As with many Tuscan wine estates there is an ancient history of winemaking here going back millennia. Evidence of Etruscan and Roman occupation abounds and in the state archives of the city of Florence one can find a contract date 804 AD that shows that vines and olives were cultivated at Capezzana at that time. Since then, of course, there have been many owners of the land, and in the 1020s the land was purchased by Count Alessandro Contini Bonacossi, an antiques dealer and art collector of great repute.
Recognising the potential of his estate, the count began bottling the wine himself almost immediately. His son Ugo was of a similar mind and at a time when many post-war Italian producers were seeking to make quantity without very much regard for quality Ugo went the other way, convinced of the quality that was attainable from the estate. He focused the then polycultural estate on wines and replanted many vineyard areas and even introducing cutting of cabernet sauvignon that were said to be from Château Lafite. His focus on quality was a wise move, and today the estate is one of the most famous in Tuscany and the foremost in the Carmignano appellation.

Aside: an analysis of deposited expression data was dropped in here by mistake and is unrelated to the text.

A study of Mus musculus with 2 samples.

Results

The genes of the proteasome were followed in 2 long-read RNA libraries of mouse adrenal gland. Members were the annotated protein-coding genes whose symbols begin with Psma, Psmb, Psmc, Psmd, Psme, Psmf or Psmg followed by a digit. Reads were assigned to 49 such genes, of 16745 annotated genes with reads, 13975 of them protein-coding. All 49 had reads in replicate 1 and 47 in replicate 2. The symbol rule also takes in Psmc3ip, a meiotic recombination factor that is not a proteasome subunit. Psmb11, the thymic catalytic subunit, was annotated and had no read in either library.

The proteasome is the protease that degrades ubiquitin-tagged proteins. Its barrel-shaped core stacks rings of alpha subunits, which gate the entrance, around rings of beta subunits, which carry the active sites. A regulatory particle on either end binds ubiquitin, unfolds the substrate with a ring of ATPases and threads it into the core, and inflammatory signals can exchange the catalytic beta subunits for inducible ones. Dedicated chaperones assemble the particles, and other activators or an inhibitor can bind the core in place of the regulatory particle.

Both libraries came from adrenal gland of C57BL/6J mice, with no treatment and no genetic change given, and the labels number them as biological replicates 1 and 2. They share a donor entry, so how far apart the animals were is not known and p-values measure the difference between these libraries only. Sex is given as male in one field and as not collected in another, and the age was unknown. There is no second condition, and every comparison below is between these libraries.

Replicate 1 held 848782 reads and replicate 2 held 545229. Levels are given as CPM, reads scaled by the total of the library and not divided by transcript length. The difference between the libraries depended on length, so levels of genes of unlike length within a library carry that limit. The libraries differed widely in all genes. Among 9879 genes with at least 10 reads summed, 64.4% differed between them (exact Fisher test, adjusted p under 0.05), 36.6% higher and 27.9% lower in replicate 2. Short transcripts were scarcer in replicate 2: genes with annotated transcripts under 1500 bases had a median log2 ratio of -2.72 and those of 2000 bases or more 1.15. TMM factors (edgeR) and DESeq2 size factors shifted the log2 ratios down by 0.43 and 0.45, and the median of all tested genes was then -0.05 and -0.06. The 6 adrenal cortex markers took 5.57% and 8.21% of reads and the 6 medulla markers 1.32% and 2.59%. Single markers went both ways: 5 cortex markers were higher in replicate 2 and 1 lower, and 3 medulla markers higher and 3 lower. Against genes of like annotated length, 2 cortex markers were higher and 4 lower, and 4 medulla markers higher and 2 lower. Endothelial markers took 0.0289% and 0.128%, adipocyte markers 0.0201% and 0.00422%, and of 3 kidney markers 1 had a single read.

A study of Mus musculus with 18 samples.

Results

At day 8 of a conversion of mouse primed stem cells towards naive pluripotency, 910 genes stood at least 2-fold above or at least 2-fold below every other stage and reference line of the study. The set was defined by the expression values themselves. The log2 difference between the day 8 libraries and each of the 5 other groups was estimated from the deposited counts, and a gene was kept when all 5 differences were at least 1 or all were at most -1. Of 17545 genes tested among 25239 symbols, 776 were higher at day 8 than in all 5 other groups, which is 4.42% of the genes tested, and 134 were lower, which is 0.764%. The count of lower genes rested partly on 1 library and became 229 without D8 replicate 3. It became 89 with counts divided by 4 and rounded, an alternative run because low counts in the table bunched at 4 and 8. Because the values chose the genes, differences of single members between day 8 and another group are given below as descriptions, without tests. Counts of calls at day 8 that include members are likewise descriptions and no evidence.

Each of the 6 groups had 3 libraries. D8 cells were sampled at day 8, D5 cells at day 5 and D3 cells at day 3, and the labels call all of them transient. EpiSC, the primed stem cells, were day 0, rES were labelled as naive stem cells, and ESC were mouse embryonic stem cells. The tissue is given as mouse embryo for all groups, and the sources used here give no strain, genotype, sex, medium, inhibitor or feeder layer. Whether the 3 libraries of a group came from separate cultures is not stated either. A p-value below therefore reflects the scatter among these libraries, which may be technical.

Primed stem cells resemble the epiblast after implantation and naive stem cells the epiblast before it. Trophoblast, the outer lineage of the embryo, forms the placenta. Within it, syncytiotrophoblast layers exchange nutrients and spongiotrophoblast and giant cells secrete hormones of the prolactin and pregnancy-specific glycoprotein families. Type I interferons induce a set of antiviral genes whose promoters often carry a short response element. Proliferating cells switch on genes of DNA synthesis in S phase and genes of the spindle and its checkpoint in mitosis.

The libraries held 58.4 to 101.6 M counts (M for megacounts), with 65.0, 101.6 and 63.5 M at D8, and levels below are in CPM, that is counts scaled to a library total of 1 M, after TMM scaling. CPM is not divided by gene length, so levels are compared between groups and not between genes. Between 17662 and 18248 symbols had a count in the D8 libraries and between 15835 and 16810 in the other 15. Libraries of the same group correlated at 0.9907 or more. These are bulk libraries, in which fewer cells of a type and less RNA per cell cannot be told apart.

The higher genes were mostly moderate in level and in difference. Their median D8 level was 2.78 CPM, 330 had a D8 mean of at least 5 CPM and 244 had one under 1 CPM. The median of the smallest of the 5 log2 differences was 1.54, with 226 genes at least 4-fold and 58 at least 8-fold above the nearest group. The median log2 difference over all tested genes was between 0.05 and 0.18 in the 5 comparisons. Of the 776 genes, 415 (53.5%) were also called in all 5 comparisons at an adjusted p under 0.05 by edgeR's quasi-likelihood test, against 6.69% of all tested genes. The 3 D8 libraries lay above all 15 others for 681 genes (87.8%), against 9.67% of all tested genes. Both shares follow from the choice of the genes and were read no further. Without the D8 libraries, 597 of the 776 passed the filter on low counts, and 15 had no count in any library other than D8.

Today the estate is still very much a family affair with various members involved in its management, and Benedetta Contini Bonacossi is the winemaker while brother Filippo is responsible for the vineyards with the help of his nephews. The property covers over 100 hectares of relatively low-lying land, for Tuscany anyway, between Florence and Pisa and in recent years has seen something of a revival as Benedetta, with the advice of noted consultant Stefano Chioccioli, has replanted to a higher density, refurbished the cellars and narrowed the range to improve the quality and consistency of the wines. It has worked and the estate is back to its best. The Carmignano DOCG is sangiovese blended with about 20% cabernet sauvignon, an innovation of Ugo's after the war, aged judiciously in French oak.
The new generation has reinvigorated a property that had somewhat trod water for a couple of decades and the wines once again show why this estate was one of the catalysts for the creation of the Carmignano appellation. Quite apart from the wines made here, any food lovers' interest should be piqued by the superb olive oil made from groves on the estate. The Bonacossis have always been justly famous for the deliciousness of the feasts set before family, friends and guests, underpinned by the wonderful oil and accompanied by their own excellent wines.